The Miami-Dade community corrections office is the largest of its kind in Florida and supports more probation and parole officer jobs than any other office in the state. The Miami-Dade community corrections circuit office is responsible for monitoring more than 13,000 offenders, which is nearly 2,000 more than any other office in Florida. There are more than 5,000 inmates incarcerated in Miami-Dade County with an incarceration rate of 2.1 per 1,000 residents. The probation and parole operations in Miami-Dade are supervised by the State of Florida Department of Corrections. There are 10 offices under the supervision of the Miami circuit, which includes nine in the city of Miami and one additional office in Florida City.
Minimum Qualifications and Recruitment Process
While different jobs within Miami-Dade’s probation and parole system require different qualifications and requirements, there are minimum qualifications that every applicant must meet, including the following:
- Must be at least 19 years of age
- Must be a United States citizen
- Must have at least a bachelor’s
- Must not have any felony convictions of misdemeanor convictions related to perjury or false statement
- If an applicant has military experience they must not have had a dishonorable discharge for any reason
In order to begin a probation and parole officer career in Miami-Dade, Florida, applicants must go through a comprehensive hiring process. The process begins with completing an application, and then if the applicant is deemed to be qualified for the job they must complete a series of interviews, a physical exam, a mental health examination and a series of other evaluations and tests. Testing includes a Civil Service Examination conducted by the Florida Department of Corrections.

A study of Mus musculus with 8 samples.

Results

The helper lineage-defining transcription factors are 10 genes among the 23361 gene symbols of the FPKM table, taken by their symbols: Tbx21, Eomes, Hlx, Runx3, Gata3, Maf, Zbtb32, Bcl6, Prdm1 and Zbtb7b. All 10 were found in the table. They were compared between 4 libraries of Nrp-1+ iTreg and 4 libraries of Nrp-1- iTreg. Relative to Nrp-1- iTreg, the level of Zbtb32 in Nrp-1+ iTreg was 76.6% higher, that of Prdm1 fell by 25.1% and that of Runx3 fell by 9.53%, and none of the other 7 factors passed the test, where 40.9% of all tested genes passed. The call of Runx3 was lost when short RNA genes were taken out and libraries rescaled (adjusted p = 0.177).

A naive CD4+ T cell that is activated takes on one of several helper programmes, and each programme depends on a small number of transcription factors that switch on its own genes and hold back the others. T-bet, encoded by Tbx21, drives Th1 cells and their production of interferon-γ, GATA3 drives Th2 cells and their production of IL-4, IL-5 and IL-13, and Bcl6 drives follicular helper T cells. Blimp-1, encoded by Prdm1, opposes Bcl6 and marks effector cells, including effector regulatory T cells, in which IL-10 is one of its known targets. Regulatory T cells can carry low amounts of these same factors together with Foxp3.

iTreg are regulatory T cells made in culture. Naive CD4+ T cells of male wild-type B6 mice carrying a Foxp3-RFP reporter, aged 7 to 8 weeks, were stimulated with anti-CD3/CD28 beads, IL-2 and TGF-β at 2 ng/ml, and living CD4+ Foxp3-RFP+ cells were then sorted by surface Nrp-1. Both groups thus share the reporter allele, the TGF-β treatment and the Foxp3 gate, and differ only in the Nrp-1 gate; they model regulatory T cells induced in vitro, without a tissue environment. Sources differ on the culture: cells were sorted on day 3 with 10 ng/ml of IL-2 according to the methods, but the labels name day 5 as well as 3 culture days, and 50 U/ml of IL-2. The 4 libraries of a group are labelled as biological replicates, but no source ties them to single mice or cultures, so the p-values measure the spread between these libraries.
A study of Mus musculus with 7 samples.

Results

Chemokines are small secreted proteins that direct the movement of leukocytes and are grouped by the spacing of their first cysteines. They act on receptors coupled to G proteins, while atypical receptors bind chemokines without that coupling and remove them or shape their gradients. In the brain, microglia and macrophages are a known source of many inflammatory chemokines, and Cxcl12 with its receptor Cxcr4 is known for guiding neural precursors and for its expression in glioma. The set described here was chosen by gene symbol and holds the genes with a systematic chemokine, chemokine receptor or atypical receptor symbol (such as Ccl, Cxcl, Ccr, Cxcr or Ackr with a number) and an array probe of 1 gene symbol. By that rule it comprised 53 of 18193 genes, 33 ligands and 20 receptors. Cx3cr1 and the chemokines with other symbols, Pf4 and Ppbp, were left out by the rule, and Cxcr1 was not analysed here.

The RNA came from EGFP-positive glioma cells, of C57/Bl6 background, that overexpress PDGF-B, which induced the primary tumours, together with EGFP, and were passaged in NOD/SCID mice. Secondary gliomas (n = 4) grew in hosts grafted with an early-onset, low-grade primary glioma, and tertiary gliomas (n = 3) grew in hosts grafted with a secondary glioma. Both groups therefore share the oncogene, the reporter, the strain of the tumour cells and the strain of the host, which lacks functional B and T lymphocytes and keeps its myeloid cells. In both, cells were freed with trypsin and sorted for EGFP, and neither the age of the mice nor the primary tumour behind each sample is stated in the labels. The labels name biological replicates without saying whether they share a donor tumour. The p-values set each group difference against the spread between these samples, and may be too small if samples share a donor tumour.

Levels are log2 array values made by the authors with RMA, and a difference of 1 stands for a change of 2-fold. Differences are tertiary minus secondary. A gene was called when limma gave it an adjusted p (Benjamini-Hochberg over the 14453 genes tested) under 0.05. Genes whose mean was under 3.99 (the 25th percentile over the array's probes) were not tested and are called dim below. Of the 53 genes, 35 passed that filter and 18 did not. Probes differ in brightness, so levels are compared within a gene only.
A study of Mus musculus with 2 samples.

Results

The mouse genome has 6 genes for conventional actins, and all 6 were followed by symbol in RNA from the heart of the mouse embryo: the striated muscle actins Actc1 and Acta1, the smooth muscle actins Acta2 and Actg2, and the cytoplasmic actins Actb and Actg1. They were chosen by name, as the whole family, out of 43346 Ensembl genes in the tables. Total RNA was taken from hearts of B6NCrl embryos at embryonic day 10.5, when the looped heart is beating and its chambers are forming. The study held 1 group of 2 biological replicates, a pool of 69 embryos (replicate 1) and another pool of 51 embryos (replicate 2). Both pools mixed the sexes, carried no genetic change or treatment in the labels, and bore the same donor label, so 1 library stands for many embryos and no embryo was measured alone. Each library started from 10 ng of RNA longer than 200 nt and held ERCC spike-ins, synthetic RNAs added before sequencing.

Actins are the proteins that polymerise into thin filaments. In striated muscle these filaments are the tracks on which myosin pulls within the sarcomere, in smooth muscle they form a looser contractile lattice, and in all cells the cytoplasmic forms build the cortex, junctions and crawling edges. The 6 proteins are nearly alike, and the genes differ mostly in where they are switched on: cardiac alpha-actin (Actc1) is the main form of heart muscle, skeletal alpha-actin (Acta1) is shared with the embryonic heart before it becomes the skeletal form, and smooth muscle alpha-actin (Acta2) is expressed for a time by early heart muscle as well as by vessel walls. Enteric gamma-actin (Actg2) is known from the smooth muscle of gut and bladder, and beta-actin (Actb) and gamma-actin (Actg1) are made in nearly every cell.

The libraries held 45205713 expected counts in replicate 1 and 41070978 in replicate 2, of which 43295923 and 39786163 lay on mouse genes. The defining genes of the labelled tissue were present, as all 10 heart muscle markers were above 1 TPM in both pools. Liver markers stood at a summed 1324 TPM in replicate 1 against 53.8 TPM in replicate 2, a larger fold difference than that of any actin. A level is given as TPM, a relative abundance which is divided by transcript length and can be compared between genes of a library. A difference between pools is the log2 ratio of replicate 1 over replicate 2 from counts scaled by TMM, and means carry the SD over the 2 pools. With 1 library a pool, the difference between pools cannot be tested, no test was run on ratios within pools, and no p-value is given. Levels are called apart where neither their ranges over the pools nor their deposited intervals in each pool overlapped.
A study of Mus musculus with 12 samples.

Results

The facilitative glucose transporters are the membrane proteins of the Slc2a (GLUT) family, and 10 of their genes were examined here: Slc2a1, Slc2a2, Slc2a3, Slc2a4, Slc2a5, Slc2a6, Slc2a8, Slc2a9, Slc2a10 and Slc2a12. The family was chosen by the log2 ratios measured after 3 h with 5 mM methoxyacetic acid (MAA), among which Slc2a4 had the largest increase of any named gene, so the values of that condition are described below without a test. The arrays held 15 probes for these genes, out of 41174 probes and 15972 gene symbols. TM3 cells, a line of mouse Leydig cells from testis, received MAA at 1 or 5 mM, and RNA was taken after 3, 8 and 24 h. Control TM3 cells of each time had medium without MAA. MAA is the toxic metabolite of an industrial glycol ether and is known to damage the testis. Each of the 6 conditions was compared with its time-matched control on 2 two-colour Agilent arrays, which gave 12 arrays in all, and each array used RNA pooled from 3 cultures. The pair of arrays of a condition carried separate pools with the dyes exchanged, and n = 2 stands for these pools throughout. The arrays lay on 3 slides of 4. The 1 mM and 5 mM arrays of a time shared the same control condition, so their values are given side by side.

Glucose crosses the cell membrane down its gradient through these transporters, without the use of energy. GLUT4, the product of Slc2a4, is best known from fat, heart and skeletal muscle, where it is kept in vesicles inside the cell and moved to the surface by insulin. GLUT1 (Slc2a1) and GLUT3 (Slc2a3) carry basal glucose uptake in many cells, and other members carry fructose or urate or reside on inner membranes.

How to Become a Probation and Parole Officer in Miami: Training
Through training, probation and parole officers will learn skills in community outreach, communication skills, law enforcement tactics, investigation and research, report writing, criminal psychology, sociology and social work, among many other subjects and skills. There is additional training required for firearms if an officer decides to carry one.
During the first year of training, officers are required to complete 640 hours of training, and then 40 hours of training every subsequent year. After the first year of training, probation officers are certified by the Criminal Justice Standards and Training Commission.
In Florida, firearms are not mandatory for probation and parole officers. Officers in Miami-Dade are required to re-qualify once a year in order to carry and operate their firearm while on duty. There may be additional training and seminars that officers must attend if state probation and parole guidelines are modified in any way.